Oswestry School


We Learn not for School but for Life


Oswestry school has all the attractions of tradition and antiquity.  It was founded in 1407 as a boys’ school and expanded slowly during the early modern era.  It moved into its present distinguished stone main building and extensive grounds in 1776.  It has modernised recently.  Modern buildings have been added and girls were admitted in 1972.  Today the school continues to retain the best of its traditional values whilst adapting to the modern world under its motto “We learn not for school but for life”


You may well ask, where is Oswestry?  You are not alone.  Many British people would struggle to find it on a map.  Actually, Oswestry is a small, ancient but prosperous market town on the border between England and Wales.  Do not let that put you off.

In China, it is generally assumed that poor people live in small towns with poor schools while the rich live in large cities where all the best schools are.  In Britain, the opposite is true.  London is improving rapidly but in most provincial cities there is a lot of poverty and crime and schools are often poor.  Most of the best schools are in small towns and rural areas.

For a Chinese parent this has pluses and minuses.  Oswestry is a safe environment with none of the gangs or drugs that may threaten your child’s welfare in larger cities.  The town also has good rail and road links to London, Bristol and other centres of culture.  But bear in mind that transport in Britain is extremely expensive and Chinese food and Chinese translators are unlikely to be available in a small town.  Loneliness and culture shock can be an issue, although Oswestry school provides outstanding pastoral care.


Oswestry School has around 400 pupils aged from 4 to 18 taught in small classes.  Two thirds of the students are local British day pupils.  The remainder are boarders from more than 20 countries.  The latest inspection report states that the living conditions are excellent praises the school’s atmosphere of tolerance and mutual respect.  However, it is noticeable that international students rarely feature in photographs on the school’s website and the vast majority of the teachers are white British.  If you want your child to learn British values this is a good place for them to do so.  Other schools take a more internationalist approach.

As befits its age Oswestry is a traditional school.  There are still more boys than girls, uniforms are compulsory and the school retains the traditions of a British boarding school with houses, prefects and supervised homework.  The school leaders place a strong emphasis on self-discipline, good manners, integrity and the development of leadership skills.  It works.  The main point of the inspectors’ report is that this is a happy school with a cohesive philosophy, supportive environment and strong relationships between staff and students.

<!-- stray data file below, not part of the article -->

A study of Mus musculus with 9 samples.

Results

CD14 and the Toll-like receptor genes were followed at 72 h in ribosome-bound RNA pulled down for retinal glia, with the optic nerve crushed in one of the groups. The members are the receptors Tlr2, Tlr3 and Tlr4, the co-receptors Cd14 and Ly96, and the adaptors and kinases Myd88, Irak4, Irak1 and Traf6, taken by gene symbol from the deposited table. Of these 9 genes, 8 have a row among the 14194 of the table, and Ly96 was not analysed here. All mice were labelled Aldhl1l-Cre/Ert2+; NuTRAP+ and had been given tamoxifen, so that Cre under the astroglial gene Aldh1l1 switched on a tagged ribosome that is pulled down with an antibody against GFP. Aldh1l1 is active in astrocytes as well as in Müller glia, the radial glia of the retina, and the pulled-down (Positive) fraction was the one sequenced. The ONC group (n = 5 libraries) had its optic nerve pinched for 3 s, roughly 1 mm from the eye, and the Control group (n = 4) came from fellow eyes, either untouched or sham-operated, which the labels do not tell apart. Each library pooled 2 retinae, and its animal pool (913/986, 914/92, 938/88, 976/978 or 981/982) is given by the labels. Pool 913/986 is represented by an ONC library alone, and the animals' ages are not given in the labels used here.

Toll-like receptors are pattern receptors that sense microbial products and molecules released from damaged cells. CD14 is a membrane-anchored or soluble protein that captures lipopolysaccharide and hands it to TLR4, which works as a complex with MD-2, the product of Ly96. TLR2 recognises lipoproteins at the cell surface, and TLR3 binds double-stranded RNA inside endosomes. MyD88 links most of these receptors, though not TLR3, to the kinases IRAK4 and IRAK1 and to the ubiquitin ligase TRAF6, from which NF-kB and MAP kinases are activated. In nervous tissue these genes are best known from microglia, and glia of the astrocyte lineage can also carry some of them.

The curriculum and teaching style represent the best of the British tradition.  This may well suit students from Hong Kong, who are familiar with British A Levels and will feel at home in Oswestry’s structured, formal classes.  Exam results are average for British private schools.  In other words, this school is not an academic hot house.  If you are determined to get your child into Oxford or Cambridge there are better options than Oswestry.  On the positive side, the school is very good at maximising the abilities of average pupils and has a dedicated EAL department to help international students adapt to studying in English.

Not all the teaching takes place in the classroom.  As usual in British private schools, sport, music, art and drama feature strongly and the inspectors grade the schools’ extra-curricular activities as “excellent.”  Activities which encourage the development of self-confidence, leadership and responsibility are particularly encouraged.  There is a tradition of adventure activities and a military cadet force.


There is no formal admission test and students can start at any age.  Entry is based on reports from previous schools and an interview.  The interviewers will be assessing your child’s ability to fit into the ethos of the school and benefit from it.  Most Chinese students will need coaching to show these qualities in a Skype interview in English, so plan ahead.  Entry is also subject to the usual British government visa requirements.


Name:                                     Oswestry School

Location:                                Oswestry, Shropshire, England

Date of foundation:                1407

Type:                                       Co-ed day and boarding school ages 4-18

Size:                                        400 pupils

Teaching style:                       Small classes, traditional, structured, formal

Extra-curricular activities:     strong; sport, art, music, drama, societies, adventure trips

Values:                                    British; tolerance, mutual respect, manners, integrity, self-discipline, leadership, responsibility

Should I apply?

If you want a good, all round, traditional British education in a supportive environment away from the dangers of big cities, then yes.